The Mother Of Christ by Father Vassall-Phillips Part 113.

Moreover, the Greek Liturgy employs in addressing our Lady terms so bold that they could never be tolerated in the West, and would be judged as most gravely heretical, were it not that hyperbolical expressions are in ordinary use, and universally understood as such in the East. For example, the Blessed Virgin is addressed now as the " Saviour of the world," and again as the " expiation of all the world." All Christians in the East, as in the West, know that, in the strict sense of the words, our Lord alone is our Saviour, and that He alone is the Expiation of our sins. There is no danger that such expressions, when applied to the Blessed Virgin, should be misunderstood by Orientals—words are only conventional symbols, and words employed by Catholics must be interpreted according to the Catholic Faith—at the same time, by their very unexpectedness they testify to the position assigned, without hesitation, by Eastern Christians to the Mother of the Redeemer in the economy of our salvation.

Out of examples of this attitude towards our Lady which abound on every page of the Greek sacred books, I will give a few which may represent the rest :

1. The morning prayers in the Horologion begin with the sign of the Cross. " In the Name of the Father and of the Son and of the Holy Ghost. O God, holy, strong, eternal, have mercy upon us."

The Gloria Patri follows, with the prayer : " Most Holy Trinity, have mercy upon us." Then we have the Kyrie Eleison terminated by three short invocations to our Lord, to each one of which is appended : " O God, Thou art Holy, Holy, Holy. Through the Mother of God have mercy upon us."

2. Throughout the Canonical Hours, after each collect, there is a special Theotokion or prayer to the Blessed Virgin.

The first of these, at Matins, runs as follows : " We entreat thee, O Virgin, Mother of God, who art the impregnable wall and fortification of our salvation— scatter the plans of those who are opposed to us ; change into joy the sorrow of thy people; restore the world that is thine ; strengthen thy faithful ; intercede for the peace of the world; for thou, O Mother of God, art our hope."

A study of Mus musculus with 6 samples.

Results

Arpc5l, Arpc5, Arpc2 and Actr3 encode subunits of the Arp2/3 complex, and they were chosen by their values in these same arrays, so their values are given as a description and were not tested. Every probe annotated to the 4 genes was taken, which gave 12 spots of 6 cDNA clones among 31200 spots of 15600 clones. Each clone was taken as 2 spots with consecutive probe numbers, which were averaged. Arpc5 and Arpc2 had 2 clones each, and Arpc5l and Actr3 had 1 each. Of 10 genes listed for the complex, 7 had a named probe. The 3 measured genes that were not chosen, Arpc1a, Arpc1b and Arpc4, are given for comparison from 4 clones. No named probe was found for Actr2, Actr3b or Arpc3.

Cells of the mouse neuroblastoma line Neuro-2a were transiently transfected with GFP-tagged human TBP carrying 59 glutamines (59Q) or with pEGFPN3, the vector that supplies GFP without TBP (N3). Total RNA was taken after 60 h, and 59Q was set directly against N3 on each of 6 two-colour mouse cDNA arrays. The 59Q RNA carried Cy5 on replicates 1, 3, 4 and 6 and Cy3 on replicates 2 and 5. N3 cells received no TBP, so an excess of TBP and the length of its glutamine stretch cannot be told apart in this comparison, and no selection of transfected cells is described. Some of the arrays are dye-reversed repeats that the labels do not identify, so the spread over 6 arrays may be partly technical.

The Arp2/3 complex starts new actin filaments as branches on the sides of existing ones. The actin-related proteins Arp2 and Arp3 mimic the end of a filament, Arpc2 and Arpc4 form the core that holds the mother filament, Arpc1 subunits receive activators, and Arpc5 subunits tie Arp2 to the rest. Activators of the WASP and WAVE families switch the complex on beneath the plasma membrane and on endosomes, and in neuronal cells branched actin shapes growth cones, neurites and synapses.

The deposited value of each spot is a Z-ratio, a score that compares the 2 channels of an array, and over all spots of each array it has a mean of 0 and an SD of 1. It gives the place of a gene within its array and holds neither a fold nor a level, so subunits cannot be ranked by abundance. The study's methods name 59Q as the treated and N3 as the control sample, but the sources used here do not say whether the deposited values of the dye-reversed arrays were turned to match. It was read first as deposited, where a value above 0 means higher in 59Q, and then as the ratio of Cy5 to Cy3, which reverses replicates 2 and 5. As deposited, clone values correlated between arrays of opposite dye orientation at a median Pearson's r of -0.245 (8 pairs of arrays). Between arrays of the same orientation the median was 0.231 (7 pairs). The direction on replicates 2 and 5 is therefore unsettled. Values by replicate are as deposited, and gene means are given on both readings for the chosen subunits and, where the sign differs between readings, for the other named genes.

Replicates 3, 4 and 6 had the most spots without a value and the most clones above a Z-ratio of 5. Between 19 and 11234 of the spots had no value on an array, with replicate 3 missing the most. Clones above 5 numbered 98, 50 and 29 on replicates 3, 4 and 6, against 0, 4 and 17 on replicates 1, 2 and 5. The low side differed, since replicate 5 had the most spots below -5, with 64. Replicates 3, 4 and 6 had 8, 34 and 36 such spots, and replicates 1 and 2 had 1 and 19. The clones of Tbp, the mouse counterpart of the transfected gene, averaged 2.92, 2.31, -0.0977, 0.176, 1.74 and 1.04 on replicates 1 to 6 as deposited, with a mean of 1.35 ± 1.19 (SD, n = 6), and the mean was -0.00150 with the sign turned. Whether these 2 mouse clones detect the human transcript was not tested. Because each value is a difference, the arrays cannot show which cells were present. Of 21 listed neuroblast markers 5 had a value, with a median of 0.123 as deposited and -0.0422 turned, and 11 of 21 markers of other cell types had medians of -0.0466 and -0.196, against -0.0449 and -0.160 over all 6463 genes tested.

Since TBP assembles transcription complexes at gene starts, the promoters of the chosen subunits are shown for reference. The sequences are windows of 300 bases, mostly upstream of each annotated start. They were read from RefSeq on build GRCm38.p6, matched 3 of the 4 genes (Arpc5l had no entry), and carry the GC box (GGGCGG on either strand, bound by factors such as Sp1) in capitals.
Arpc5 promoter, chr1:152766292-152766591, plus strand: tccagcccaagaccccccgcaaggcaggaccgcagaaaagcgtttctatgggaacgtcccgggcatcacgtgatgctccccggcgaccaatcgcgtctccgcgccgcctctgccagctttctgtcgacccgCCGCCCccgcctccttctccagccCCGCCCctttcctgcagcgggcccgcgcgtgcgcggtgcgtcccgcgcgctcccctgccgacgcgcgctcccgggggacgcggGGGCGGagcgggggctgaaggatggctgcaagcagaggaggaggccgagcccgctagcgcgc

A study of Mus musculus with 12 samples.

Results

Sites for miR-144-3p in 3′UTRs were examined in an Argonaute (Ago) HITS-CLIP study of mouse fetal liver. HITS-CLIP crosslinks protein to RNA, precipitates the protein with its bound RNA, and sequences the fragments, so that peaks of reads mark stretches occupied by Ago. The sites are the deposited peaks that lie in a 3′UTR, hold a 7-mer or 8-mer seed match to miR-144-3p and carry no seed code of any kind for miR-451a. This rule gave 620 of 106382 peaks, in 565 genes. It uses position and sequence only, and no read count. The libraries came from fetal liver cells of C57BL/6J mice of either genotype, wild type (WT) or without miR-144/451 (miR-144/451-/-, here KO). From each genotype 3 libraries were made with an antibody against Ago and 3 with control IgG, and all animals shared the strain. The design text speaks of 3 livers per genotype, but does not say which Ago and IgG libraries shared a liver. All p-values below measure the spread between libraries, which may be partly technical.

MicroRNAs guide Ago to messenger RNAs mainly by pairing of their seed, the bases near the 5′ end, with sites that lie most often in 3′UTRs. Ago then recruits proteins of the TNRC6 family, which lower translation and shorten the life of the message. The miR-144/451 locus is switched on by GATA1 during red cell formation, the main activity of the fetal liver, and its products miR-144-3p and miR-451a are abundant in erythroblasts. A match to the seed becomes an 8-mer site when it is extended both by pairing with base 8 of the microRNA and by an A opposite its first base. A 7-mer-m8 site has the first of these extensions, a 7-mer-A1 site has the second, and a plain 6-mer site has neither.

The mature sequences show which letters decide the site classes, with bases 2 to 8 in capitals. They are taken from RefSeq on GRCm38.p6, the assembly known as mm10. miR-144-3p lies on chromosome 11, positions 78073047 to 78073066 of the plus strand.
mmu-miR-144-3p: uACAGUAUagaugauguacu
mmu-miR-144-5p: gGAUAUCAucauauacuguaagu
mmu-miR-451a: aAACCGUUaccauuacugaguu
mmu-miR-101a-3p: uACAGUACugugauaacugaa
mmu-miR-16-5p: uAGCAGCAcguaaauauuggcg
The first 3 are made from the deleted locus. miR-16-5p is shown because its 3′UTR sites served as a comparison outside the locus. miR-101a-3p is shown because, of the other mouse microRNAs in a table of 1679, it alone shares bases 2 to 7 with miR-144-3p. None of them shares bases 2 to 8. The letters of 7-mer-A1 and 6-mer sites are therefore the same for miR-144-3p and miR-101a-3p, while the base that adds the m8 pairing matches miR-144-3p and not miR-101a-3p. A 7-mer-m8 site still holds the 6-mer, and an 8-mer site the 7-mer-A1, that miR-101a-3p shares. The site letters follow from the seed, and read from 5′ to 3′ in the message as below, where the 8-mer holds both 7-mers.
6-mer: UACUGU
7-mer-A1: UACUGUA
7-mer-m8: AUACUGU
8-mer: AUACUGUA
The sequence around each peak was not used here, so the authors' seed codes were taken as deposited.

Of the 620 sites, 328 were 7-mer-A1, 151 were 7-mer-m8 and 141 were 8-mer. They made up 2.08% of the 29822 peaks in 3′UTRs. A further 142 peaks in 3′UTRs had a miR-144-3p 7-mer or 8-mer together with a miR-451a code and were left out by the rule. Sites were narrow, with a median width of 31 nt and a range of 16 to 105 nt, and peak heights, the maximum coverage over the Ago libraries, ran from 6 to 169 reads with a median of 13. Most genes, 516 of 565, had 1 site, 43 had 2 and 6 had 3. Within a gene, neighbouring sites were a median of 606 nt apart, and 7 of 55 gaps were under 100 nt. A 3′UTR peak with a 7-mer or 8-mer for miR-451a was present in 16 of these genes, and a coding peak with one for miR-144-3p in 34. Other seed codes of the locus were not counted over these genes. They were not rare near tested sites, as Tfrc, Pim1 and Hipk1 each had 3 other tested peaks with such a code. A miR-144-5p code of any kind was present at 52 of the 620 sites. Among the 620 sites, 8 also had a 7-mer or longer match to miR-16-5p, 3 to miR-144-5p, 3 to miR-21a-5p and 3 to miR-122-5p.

And the third: " We—all the generations—bless thee, Virgin Mother of God. Blessed are we too, who possess thy protection. For by night and by day thou dost intercede for us ... wherefore, hymning thee, we cry to thee: Hail thou that art full of grace, the Lord is with thee."

I will now give two Theotokia from Terce.

The first:

"O Mother of God, thou art the true Vine which produced the fruit of life. We beseech thee, O Lady, pray for us with the Apostles and all the Saints, to obtain mercy for our souls."

And the next:

" Thou, O immaculate Mother of God, art the hope and protection and refuge of Christians, the impregnable wall of those who contend, thou art our tranquil harbour; as, then, by thy ceaseless intercession thou art the Saviour of the world, remember us too, O Virgin thou who art all worthy of praise."

3. At the grace for the evening meal:

" Make us worthy of thy gifts, O Virgin Mother of God, overlooking our transgressions, and affording healing to those who, in faith, share in thy praises, O Immaculate! "

4. Finally in the Liturgy itself:

Before the priest vests, he prays as follows :

" Open to us the gate of thy mercy, O Blessed Mother of God. Placing our hope in thee let us not be disappointed ... for thou art the salvation of the race of Christians." And then soon there follows another Theotokion  : " O thou who art constituted a fountain of mercy, make us worthy of compassion ; O Mother of God, look upon thy sinful people, show forth, as ever, thy power. For, hoping in thee, we cry out to thee, Hail, as of old did Gabriel the leader of all the Angels."

And after the preparation of the Bread and Wine, the priest prays: "To the honour of the most blessed glorious Mother of God and ever Virgin Mary, our Lady, together with whose intercessions, O Lord, do Thou show forth this sacrifice before Thy heavenly altar."  This prayer is followed by a mystical division by the Liturgical Spear, of a part of the Host called the Portion of the Mother of God, during which the verse is repeated : "The Queen stood on thy Right Hand, in golden raiment, wrought about with many colours."

The application of these words of the Psalmist to the Blessed Virgin at this solemn moment manifests in a way that cannot be misunderstood, the mind of the Eastern Church as to the intercession of the glorious Queen of Heaven with her Divine Son.